A Nose for the News

When the stories involve the Vatican, ordinary journalistic standards don’t seem to apply.

Ernest Hemingway said that a successful journalist must have a built-in, shock-proof nonsensedetector. (He didn’t actually use the word “nonsense” in his formulation. But then Hemingway didn’t write for a Catholic magazine.) During the last weeks of 2010, I found my detector— call it what you want—buzzing repeatedly.


Back in 2006, Mehmet Ali Agca offered to tell the world who gave him the order to shoot Pope John Paul II. But there was a catch: he wanted to be paid $6 million for that information. That didn’t seem like a very good deal, because the world had pretty much assumed, since that fateful day in May 1981, that the order came from somewhere in the Soviet-bloc secretpolice establishment. Also, there were questions—to put it mildly—about the would-be assassin’s credibility. Agca never got that multi-million-dollar book contract.

But in November the man who says that he is a messenger from God, that he and Pope John Paul II became “like Siamese twins,” and that he was prepared to hunt down Osama bin Laden (for a comparatively paltry $5 million), made another sensational public announcement. The order to kill the Pope, he says, came from—are you ready?— the Vatican.

Funny thing: this announcement, which was generally ignored by the Western press, received substantial media attention in certain countries of Eastern Europe: Russia and Bulgaria, for instance. Can’t imagine why.


The explosion of controversy over Pope Benedict’s position on condoms began when the Vatican’s own newspaper caught everyone off guard with the early publication of an excerpt from the Pontiff’s forthcoming book. In an interview with John Allen of the National Catholic Reporter, the editor of L’Osservatore Romano, Giovanni Maria Vian, explained why he didn’t think it was a mistake to publish that famous, controversial passage from Pope Benedict’s interview, and why he didn’t think he was guilty of breaking an embargo:

Because it has already been decided that various media agencies would be able to run material from the book on Sunday morning, we didn’t have any choice other than to publish our extracts on Saturday afternoon. [The Sunday edition of L’Osservatore Romano is always published Saturday afternoon.]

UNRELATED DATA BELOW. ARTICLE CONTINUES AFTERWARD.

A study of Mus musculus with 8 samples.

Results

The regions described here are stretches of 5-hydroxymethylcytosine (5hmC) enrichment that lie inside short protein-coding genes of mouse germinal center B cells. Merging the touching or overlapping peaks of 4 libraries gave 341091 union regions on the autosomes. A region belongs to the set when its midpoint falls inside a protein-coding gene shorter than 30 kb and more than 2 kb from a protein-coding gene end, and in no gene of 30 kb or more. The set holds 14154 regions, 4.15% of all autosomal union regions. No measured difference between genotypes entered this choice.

Yes, and the Tuesday edition of the Vatican newspaper is published on Monday afternoon, and so forth. The system is bizarre, and lends itself to absurdities; every now and then the “news” printed in the Friday edition is contradicted by events that took place Thursday night. If you wanted to make L’Osservatore Romano a more credible 21st-century news source, you might consider publishing the Monday edition on Monday.

But as things stand, L’Osservatore’s Sunday issue is really the Saturday issue. So the editor “didn’t have any choice” but to publish the excerpt a day early— without bothering to notify any of the other publishers, who were honoring the embargo, since their publication dates correspond to the calendar date. Next time around maybe the other publishers will wise up. If the Vatican sets an embargo date of, say, July 4, publishers might now decide to release their July 4 issues on July 1. Then they’d be honoring the embargo, you see; just ask Vian.

Allen followed up with another question:

You weren’t looking for a “scoop”?
Vian: Absolutely not. That would be ridiculous.

Want to know what’s really ridiculous? It’s ridiculous when a newspaper editor says he isn’t looking for a scoop.


Slate magazine has discovered L’Osservatore Romano.

The Vatican newspaper has never been daily reading for the staff of the slick online ’zine. But on November 22, the Slate “Explainer,” which provides “answers to your questions about the news,” saw fit to give a highly favorable profile of L’Osservatore Romano, stressing the changes under the direction of new editor Giovanni Maria Vian, which have made the paper more “relevant.”

Now what do you suppose L’Osservatore did to catch the approving eye of Slate on November 22? Could it be? Yes, it could. Slate began paying careful attention when the Vatican newspaper published an out-of-context excerpt from the Pope’s new book.

The pope’s comments, which were published Saturday in the Vatican’s newspaper, L’Osservatore Romano, represent a break from the 42-year-old Catholic ban on artificial contraception.

If you investigate the matter at all carefully (which most Slate readers won’t do), you’ll learn that the Pope’s comments did not change anything about Church teaching. And the condemnation on artificial contraception was not something arbitrarily imposed by the Catholic Church 42 years ago; it dates back to the Book of Genesis. Still, you can draw this lesson from the otherwise unreliable report: when an authoritative Catholic publication seems to leave the door ajar for acceptance of contraception, Slate takes notice.